It’s a problem that has vexed educators: What’s the best way to share a good idea?
The idea of “do more of what works” sounds splendid. Who can disagree with that statement? And it seems like it should be easy enough to accomplish.
But it’s proven to be woefully difficult to replicate successes in education. What works in one school isn’t always a sure-fire bet in another location.
There is an array of pieces to this puzzle. Among them: How do you get teachers on board with doing things differently? Some believe schools must employ strong leaders who create change through brute force. Others favor a more cooperative strategy.
For an example of the latter, Summit Public Schools, a charter network founded in California, shows how it’s working with other schools nationwide – including traditional public schools – to use education technology to improve academic outcomes for students. And if a new survey is any indication, teachers in these schools are actually enjoying the changes. I learned about the results during an interview with leaders from Summit Public Schools last week at SXSWedu, a large education technology conference in Austin, Texas.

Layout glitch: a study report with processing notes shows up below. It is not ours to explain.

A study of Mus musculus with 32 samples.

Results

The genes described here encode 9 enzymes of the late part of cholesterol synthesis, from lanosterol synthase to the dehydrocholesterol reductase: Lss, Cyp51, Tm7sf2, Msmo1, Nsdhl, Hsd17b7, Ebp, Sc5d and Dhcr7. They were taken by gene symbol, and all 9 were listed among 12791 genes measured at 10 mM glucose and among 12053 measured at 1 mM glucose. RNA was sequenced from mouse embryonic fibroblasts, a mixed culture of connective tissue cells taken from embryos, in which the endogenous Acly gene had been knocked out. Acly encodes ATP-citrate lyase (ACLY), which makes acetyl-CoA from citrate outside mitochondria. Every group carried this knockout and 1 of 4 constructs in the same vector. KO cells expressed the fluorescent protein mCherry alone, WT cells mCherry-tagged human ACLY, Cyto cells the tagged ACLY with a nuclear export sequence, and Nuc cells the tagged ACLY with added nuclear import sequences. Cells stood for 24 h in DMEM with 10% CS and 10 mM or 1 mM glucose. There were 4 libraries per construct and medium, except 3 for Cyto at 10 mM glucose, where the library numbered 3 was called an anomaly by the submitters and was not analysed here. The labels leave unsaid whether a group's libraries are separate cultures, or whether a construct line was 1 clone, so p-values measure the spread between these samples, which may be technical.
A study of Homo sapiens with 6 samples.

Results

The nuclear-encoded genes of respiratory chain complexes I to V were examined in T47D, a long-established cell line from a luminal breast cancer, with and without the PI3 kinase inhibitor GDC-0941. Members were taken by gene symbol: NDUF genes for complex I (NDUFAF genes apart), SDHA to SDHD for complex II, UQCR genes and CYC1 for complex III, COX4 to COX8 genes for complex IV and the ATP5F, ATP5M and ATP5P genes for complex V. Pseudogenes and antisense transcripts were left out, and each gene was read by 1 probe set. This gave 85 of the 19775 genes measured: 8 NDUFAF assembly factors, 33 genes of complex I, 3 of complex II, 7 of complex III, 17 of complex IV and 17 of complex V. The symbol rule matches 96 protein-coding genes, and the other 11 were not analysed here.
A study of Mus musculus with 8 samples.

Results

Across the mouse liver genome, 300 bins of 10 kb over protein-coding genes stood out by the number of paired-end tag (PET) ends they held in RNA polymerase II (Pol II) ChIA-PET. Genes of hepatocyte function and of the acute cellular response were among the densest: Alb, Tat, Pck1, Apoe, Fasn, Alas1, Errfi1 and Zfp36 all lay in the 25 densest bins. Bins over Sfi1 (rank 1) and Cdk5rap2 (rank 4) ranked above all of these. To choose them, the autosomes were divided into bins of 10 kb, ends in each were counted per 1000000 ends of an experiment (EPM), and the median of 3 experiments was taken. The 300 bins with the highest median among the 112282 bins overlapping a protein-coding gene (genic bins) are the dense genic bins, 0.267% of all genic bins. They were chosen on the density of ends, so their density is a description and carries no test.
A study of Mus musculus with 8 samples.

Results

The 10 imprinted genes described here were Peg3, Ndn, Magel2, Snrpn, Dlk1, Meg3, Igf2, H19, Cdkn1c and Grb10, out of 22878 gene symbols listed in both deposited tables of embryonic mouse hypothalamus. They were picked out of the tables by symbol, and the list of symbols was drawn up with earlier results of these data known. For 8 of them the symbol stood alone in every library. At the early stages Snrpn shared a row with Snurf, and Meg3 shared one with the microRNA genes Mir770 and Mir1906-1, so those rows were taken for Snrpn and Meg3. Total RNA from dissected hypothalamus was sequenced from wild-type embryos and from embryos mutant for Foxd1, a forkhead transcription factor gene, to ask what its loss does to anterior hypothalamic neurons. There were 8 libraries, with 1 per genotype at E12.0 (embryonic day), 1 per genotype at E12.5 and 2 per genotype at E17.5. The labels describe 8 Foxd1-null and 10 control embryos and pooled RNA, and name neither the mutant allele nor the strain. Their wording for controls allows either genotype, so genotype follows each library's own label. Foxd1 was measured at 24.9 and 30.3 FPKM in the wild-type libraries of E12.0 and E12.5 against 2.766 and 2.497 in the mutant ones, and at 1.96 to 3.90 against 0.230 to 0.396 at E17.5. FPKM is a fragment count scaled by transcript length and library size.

Lizzie Choi, a Summit employee who works with partner schools, said that the survey results – collected just four months into the program – are encouraging because they show how ripples of support for this approach to teaching and learning are growing.
“It’s a cultural shift that’s happening,” Choi said.
Among the 19 schools that volunteered to work with Summit Public Schools, 94 percent of teachers polled said “they enjoy working at a personalized learning school,” and 87 percent said they had “already shared some of their personalized learning experiences with other educators,” according to the new survey, which is to be released this week. Students are supportive, too, according to the survey. Nearly seven out of eight students said they believe self-directed learning is a skill that will serve them well in college. And four out of five students said they feel that the new teaching methods helped them to become better at it.
That’s a far from the hue and cry that comes to communities that are forced to confront changes when they are on the brink of disaster. Need proof? See Detroit’s public schools for the latest example.